07 Jul Behind the Queens: Creating Our ‘Now Serving’ Video
– Tracy Asalita, owner of The Queen’s Head
It was Thursday afternoon when I first got the word from my marketing company, Hashtag Creative, that I was going to be shooting a short video where I prepare a dish from The Queens Head menu. I was immediately curious as to what the experience would be like and started brainstorming. Do I want to highlight a popular dish? A new dish? An entrée or a dessert? Something easy or complicated? I sat and thought about each of my dishes and narrowed them down to three entrées and 1 dessert. It was a tough choice, but the film producer ultimately had the final say, as he knew what would work on camera.
By Monday I met with the film producer, Bobby Marnelli, with Now Serving, a concept created by West Bay Films. We began right away and his professionalism shone through. He had a script prepared, so all I had to do was follow his direction. Once I understood what was expected of me, I got right to work in the kitchen gathering ingredients for my Tagliatelle with short rib ragu.
I was excited he chose this item from the menu. I was looking forward to giving viewers a look at what goes into this fan favorite dish that I have perfected over the years. It’s important to me to walk the viewer through the steps — showcasing the fresh ingredients, spices, and details I use. From the making of fresh, hand-rolled pasta to the savory sauce to the tantalizing, marinated short ribs; the final product demonstrates the love and creativity I put into each dish.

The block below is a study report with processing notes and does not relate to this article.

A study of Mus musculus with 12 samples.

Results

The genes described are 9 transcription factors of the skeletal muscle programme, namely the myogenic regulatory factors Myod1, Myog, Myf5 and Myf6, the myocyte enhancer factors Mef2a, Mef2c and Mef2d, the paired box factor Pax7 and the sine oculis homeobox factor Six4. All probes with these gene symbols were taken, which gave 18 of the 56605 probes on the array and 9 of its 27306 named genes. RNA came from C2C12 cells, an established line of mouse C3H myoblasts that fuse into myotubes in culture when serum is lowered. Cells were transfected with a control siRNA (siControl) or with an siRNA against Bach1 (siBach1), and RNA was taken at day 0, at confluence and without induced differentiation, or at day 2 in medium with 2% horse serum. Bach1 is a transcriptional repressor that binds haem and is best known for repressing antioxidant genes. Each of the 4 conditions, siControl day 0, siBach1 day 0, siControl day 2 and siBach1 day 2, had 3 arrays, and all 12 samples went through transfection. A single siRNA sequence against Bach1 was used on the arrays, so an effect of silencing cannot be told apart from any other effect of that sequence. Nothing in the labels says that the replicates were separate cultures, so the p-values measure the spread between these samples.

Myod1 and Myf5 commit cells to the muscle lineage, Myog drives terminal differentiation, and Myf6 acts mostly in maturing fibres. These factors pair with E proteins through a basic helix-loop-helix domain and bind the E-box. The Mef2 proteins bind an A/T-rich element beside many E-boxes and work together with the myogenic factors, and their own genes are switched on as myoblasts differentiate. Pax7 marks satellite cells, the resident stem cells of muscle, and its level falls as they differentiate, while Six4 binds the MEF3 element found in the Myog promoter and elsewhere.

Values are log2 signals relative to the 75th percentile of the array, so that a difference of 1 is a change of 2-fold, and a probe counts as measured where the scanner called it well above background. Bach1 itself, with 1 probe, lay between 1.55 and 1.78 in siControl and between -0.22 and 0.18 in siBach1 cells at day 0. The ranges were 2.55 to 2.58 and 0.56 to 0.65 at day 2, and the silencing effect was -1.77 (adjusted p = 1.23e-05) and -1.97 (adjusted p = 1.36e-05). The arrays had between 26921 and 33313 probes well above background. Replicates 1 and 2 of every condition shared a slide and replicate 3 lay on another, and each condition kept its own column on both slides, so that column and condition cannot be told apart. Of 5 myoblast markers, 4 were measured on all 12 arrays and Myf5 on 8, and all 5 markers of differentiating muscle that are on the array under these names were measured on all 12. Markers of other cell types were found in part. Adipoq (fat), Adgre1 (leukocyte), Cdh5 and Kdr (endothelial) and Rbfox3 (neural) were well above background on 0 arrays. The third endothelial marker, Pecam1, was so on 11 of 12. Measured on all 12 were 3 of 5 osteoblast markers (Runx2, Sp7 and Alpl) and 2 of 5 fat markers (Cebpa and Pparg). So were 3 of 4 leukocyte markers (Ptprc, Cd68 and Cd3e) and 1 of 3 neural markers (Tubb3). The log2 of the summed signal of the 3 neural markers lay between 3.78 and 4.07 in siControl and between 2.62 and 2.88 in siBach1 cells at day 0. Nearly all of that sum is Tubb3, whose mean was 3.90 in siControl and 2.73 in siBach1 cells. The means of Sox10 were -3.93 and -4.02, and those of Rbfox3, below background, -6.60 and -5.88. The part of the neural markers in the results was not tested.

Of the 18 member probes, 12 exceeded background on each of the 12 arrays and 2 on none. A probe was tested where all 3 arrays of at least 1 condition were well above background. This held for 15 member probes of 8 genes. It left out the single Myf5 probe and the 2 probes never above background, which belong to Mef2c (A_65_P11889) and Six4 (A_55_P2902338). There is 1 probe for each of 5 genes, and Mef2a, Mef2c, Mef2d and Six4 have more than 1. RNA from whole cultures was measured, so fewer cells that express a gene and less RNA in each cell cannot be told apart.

It was Tuesday morning — shooting day — so I chopped onions, washed and peeled carrots, sliced celery, measured spices, and prepared pasta dough. The film crew got to work setting up a makeshift kitchen prep area within my indoor restaurant dining room. The kitchen certainly would not have allowed for the equipment and lighting they needed. It was pretty cool to experience the work that goes into these types of productions.
I followed each direction step by step. I couldn’t lean into or in front of the camera. I had to place my hands in a specific viewing area only. With ingredients, I had to reach in, dump, pour or stir and pull back out. It was a very specific, but very interesting process.
Five hours of video production became a 90-second final cut that I’m extremely proud of. I have shared this video over and over online and in the restaurant with customers. I have to share this little story: One night I shared the video with a visiting couple sitting at the bar who were deciding on what to order for dinner, then the couple next to them were curious about what it was and I showed them. The couple next to them asked about it too. It was a chain reaction, and they ALL ordered the dish for dinner that night!
If shooting a video of this type interests you, not only do I highly recommend the guys I worked with at Now Serving, but here are a couple tips I learned:
- Plan your dish with each detailed step written down.
- The more action the better and look for a recipe that offers a variety of techniques used.
- Keep the complexity of the dish to a minimum.
- Get organized as best you can and gather kitchen utensils and equipment needed.
- Prep and pre-measure each item; lay it out ahead of time.
I have done several cool and fun things in my career, but I have to say, the making of this video had to be one of the most interesting experiences I have had in the industry thus far.
Check out the video here and come try my homemade tagliatelle with short ribs in person! Let me know what you think. Also, I would love to get your feedback about the next recipe video I should create. Comment and let me know what you’d like to see next!